7 trends that defined Austin's food scene for better or worse in 2018

Carpenters Hall Austin
Eateries like Carpenters Hall prove hotel restaurants don't have to be bland. Photo courtesy of Carpenter Hotel
Bird Bird Biscuit
Bird Bird Biscuit was at the forefront of Austin's breakfast sandwich trend. Photo courtesy of Bird Bird Biscuit
ThoroughBread Austin
ThoroughBread was one of several new bakeries on the scene in 2018. Photo by Sara Strick
Better Half
Better Half set the bar for the Capital City's new influx of all-day restaurants. Photo by Alison Narro
Apt 115 wine bar ATX
Apt 115 got funky this year with natural wine. Photo courtesy of APT 115
Last Straw Austin
Last Straw was one of several new Austin concepts throwing off tropical vibes. Last Straw/ Facebook
The Brewer's Table
The Brewer's Table ignited 2018 with wood-fire cooking. Photo by Robert Jacob Lerma
Carpenters Hall Austin
Bird Bird Biscuit
ThoroughBread Austin
Better Half
Apt 115 wine bar ATX
Last Straw Austin
The Brewer's Table

To borrow a sentiment from Miranda Priestly’s infamous cerulean rant in The Devil Wears Prada, food trends don’t happen by accident. Before a particular ingredient or cooking technique hits the plate, before influencers stage pics, and before writerly types attempt to give them a catchy headline, chefs are in conversation with suppliers, wine reps are holding tastings, and restaurateurs are doing the thankless task of trying to determine what the fickle public actually wants.

As it turns out, what they want right now is comfort. More than ever, restaurants and bars offer respite from the turbulent world. This year’s most prevailing food trends are all escapist, whether that be a return to midcentury diner foods of yesteryear or beachy pastiche. Though many of them are eye-roll-inducing, there's no denying that that ability to transport is hospitality’s greatest gift.

All-day restaurants
There are plenty of reasons to keep a local restaurant open in the daylight hours. Ingredient costs are lower, the dining public increasingly expects casualness, and Austinites have a never-ending thirst for day drinking. Still, the idea is not a charm that can instantly banish the dark forces of cynicism and unoriginality. Some Austin newcomers got the balance right (Better Half, Joann’s Fine Foods) and some substituted style for substance (Hank’s).

Breakfast sandwiches
Breakfast tacos aren’t likely to fall off their throne soon, but the subject is so fraught with drama that it might as well be fodder for a Real Housewives reunion. The breakfast sandwich offers a gentler narrative, free of intercity rivalries (for now). Get it as a dense biscuit piled with chicken sausage, cheddar, and basil pesto at Bird Bird Biscuit; an English muffin layered with a crispy hash browns, arugula, and a smoked paprika aioli at Better Half; or a beignet with fried egg and gooey cheese at Full Circle Bar’s Bacchus & Brown.

Carbs
The gluten-free backlash hit hard in 2018. Seemingly overnight, Austin hospitality was rolling in the dough. Sour Duck Market wowed with a pork rillette danishes, Bakery Lorraine brought impossibly flaky croissants, and everyone from Aviary Wine & Kitchen to Dai Due Taqueria went gaga for grains from Barton Springs Mill. The standalone bakery is also experiencing a local renaissance at places like Zilker’s sourdough-obsessed ThoroughBread and the charming Lady Quackenbush’s Cakery in Mueller.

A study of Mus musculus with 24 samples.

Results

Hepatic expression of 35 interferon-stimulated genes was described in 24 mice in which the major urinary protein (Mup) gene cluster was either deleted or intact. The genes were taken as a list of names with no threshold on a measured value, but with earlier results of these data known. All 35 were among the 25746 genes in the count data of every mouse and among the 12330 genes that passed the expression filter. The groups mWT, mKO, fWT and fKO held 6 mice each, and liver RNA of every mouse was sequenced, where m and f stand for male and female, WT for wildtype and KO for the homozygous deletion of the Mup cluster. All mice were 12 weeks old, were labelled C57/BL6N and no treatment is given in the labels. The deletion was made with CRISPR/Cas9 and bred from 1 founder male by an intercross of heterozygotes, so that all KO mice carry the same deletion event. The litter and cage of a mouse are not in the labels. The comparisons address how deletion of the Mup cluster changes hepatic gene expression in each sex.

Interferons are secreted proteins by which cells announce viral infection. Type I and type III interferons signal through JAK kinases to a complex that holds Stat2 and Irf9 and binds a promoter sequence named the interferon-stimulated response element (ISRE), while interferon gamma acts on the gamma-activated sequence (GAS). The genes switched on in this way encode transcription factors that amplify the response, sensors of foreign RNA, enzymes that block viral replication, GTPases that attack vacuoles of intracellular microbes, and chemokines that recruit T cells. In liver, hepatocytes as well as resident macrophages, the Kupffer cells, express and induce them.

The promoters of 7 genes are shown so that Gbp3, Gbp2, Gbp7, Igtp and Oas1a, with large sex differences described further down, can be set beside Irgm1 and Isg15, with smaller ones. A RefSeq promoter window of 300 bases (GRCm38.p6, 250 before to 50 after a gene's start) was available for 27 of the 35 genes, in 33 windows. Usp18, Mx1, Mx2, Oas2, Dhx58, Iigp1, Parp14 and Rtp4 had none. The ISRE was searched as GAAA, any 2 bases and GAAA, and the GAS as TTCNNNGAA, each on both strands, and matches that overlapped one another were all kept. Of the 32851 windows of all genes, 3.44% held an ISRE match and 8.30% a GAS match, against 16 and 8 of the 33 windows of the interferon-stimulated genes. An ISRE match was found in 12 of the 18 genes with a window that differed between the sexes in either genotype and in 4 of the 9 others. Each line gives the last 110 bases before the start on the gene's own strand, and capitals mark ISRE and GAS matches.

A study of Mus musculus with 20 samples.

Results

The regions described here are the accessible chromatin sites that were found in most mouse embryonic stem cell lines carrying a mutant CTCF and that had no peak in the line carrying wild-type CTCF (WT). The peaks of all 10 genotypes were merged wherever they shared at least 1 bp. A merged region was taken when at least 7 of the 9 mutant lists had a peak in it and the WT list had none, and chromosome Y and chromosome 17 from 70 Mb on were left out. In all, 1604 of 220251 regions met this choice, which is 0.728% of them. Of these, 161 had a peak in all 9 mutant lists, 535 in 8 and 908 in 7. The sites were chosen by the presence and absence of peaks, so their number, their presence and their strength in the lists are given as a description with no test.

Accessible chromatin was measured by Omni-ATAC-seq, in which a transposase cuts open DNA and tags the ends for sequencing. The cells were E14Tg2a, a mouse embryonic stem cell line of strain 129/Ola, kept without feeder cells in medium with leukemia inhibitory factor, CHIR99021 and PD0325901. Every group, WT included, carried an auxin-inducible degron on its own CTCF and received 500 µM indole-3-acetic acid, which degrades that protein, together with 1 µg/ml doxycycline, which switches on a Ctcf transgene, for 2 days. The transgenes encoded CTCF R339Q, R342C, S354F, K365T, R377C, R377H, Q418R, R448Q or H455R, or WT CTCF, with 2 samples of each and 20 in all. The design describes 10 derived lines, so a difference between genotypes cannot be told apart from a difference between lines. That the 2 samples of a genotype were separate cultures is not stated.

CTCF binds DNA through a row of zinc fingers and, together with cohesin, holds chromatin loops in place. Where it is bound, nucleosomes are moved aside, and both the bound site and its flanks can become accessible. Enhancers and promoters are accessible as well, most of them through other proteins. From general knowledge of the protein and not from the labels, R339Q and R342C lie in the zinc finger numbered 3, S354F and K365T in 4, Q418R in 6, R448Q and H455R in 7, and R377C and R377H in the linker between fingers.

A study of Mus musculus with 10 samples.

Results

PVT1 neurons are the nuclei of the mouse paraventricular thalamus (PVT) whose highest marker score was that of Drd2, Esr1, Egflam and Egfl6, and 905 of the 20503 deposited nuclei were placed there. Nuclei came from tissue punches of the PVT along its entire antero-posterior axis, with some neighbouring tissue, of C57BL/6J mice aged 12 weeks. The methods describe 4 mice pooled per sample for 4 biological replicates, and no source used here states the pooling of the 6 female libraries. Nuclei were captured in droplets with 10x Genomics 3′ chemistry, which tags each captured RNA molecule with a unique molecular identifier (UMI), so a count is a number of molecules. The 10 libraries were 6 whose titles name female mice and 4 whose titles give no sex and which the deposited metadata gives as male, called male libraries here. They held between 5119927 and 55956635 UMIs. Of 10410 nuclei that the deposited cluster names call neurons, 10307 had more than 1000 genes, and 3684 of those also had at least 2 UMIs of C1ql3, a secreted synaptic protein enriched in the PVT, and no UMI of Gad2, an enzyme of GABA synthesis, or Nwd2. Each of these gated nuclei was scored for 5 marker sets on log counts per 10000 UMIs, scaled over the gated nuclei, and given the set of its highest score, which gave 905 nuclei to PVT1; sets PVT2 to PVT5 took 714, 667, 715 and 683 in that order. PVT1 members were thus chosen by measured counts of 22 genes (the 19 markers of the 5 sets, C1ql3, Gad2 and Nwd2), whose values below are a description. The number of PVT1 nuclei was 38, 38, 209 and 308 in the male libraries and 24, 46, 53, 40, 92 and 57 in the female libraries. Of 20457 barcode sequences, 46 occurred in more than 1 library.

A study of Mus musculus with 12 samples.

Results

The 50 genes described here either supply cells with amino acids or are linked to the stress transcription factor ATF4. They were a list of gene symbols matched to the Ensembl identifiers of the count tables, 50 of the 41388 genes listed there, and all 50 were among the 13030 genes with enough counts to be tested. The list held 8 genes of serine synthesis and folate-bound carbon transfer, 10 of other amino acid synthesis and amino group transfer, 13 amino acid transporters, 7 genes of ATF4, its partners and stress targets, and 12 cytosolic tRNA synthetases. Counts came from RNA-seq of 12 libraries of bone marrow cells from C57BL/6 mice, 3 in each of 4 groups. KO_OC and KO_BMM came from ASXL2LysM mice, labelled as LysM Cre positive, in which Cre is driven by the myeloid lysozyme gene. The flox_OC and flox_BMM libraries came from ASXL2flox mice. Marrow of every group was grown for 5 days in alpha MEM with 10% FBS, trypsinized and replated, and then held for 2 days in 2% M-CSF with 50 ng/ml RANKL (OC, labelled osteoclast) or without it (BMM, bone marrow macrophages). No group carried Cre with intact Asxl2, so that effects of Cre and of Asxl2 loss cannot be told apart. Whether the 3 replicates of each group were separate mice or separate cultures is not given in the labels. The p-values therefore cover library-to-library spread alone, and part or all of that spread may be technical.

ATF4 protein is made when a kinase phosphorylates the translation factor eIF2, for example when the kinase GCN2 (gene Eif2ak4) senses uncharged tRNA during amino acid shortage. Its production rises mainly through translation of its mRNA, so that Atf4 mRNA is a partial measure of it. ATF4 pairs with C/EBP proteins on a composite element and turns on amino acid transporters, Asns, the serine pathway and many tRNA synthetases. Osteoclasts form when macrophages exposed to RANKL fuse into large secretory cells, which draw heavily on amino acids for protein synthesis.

Hotel restaurants
It remains to be seen if this is a good trend or not. It’s undeniable that restaurants like the Line Austin’s Arlo Grey, the Fairmont Hotel’s Garrison, the Four Season’s Ciclo, and the Carpenter Hotel’s Carpenters Hall raised the bar in a category once more likely to produce bland breakfast buffets than memorable dining experiences. But just as often, hotels bring duds like the tastefully beige (in cuisine and decor) Osteria Pronto inside the JW Marriott. And it's worrisome that the outsized staffing demands of the projects will squeeze the independent eateries that are the backbone of the Capital City food scene. We’ll soon find out as projects like La Corsha Hospitality Group’s East Austin Hotel — complete with three restaurant and bar concepts — gear up for 2019 openings

Natural wine
There’s no legal definition for these trending wines, just a set of generally agreed criteria like organically grown grapes; minimal manipulation; and a lack of added sugars, cultured yeasts, and additives. Rigorous rules or not, the funky category is taking the wind out of the fussy oeniphile world with volatile flavor profiles ranging from earthy to pleasantly sour. Try them yourself at Bufalina, Texas French Bread, and Apt 115.

Tropical
On any given night, one can find an assortment of millennials at Last Straw cosplaying as Jeff Spicoli from Fast Times at Ridgemont High. Flamingo prints and monstera leaves have replaced flocked damask as the bar wallpaper du jour. In 2018, island vibes were all the rage as Austinites sought an escape from, well, everything else in 2018. The best examples of the trend, like downtown’s She’s Not Here, caught the breeze with subtle touches like openwork furniture and ocean palettes.

Wood-fired cooking
In a town so known for barbecue that is even has a signature butcher paper, it’s perhaps not a surprise that local chefs would see the smoke signals. This year, wood-fired cooking was everywhere, from Tyson Cole and Aaron Franklin’s Loro to the Jake Maddux’s beer-focused The Brewer's Table. Expect even more restaurants to feel the primal urge in 2019, like the Emmer & Rye team’s Hestia and Carve American Grille from Perry’s.